Mrs Yewande Sadiku, Director-General (D-G), Nigerian Investment Promotion Commission (NIPC), on Monday said that the creative industry has the potential to generate more income that could boost the Gross Domestic Product (GDP) of the country.
Sadiku said this at the opening of a two-day Creative Nigeria Summit at the Eko Hotels and Suites Convention Centre in Lagos themed, “Financing the Film, Television and Music Industries’’.
The summit which started on Monday would end tomorrow.
She said the theme focused on understanding the creative industry better so that it could be better explored by government and the organised private sector to generate more revenue for the country.
“The creative industry contributes about 1.4 per cent of the country’s GDP but it has the capacity to contribute more if it is properly understood.
“The industry creates employment and can be used as a veritable tool to educate its viewers concerning relevant matters which cut across all section of life.’’
Sadiku said that the government should not be directly involved in funding the creative sector but its duty was to provide an enabling environment for the industry to blossom.
“The government can assist in the development of the industry by providing infrastructure that will enable the industry to generate more money.’’
The NIPC boss gave an instance those movies as: ‘Half of the Yellow Sun’ and ‘Wedding Party’ can bring yield more revenue if more cinemas would be made available in the country.
“There is also the difficulty in getting licences to show films in the cinemas which the government can make more accessible.’’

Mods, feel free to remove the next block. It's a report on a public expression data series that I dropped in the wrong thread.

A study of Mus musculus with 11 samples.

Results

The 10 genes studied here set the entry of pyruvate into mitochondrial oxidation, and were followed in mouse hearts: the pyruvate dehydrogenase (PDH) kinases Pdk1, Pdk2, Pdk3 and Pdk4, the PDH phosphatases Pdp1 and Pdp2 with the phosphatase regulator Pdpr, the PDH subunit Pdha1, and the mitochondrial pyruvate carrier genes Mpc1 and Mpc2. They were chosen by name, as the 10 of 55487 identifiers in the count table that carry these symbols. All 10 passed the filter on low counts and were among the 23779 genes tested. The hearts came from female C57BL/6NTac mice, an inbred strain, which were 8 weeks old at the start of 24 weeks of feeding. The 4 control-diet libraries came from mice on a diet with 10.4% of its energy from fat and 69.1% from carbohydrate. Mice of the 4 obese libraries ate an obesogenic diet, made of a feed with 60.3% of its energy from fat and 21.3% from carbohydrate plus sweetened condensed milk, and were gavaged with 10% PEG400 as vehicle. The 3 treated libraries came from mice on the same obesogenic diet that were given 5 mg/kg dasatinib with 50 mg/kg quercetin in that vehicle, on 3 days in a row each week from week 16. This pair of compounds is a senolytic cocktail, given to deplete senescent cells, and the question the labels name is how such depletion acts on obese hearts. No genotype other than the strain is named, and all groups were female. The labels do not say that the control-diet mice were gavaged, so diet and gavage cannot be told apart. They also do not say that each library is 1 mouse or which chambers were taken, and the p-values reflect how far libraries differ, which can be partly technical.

Sadiku said that the government could also attract wealthy Nigerians to invest in the industry for better management of taxes.
Meanwhile, Mr Tokunbo Akande, the Special Adviser to Gov. Akinwumi Ambode on Lagos Internal Revenue Service (LIRS), said an understanding of the value-chain system of the industry would help pinpoint areas of support from the government.
Akande identified the value-chain system as creativity, aggregation, distribution and consumption as important areas where investment would stimulate growth.
“Direct funding is not really necessary from the government but an understanding of the value-chain system and how it works will help focus on area of investments.
“The government can also provide incentives to film producers to encourage the production of quality movies in the country,’’ he said.
Similarly, Mr Tony Okoroji, Chairman, Copyright Society of Nigeria (COSON), said that effective leadership in the industry was necessary to curb piracy.
“The protection of intellectual properties cannot be over-emphasised because this accounts for the foundation where creativity stems from’’.
Okoroji said that the deployment of stronger legislature and technology could also help reduce piracy in the country.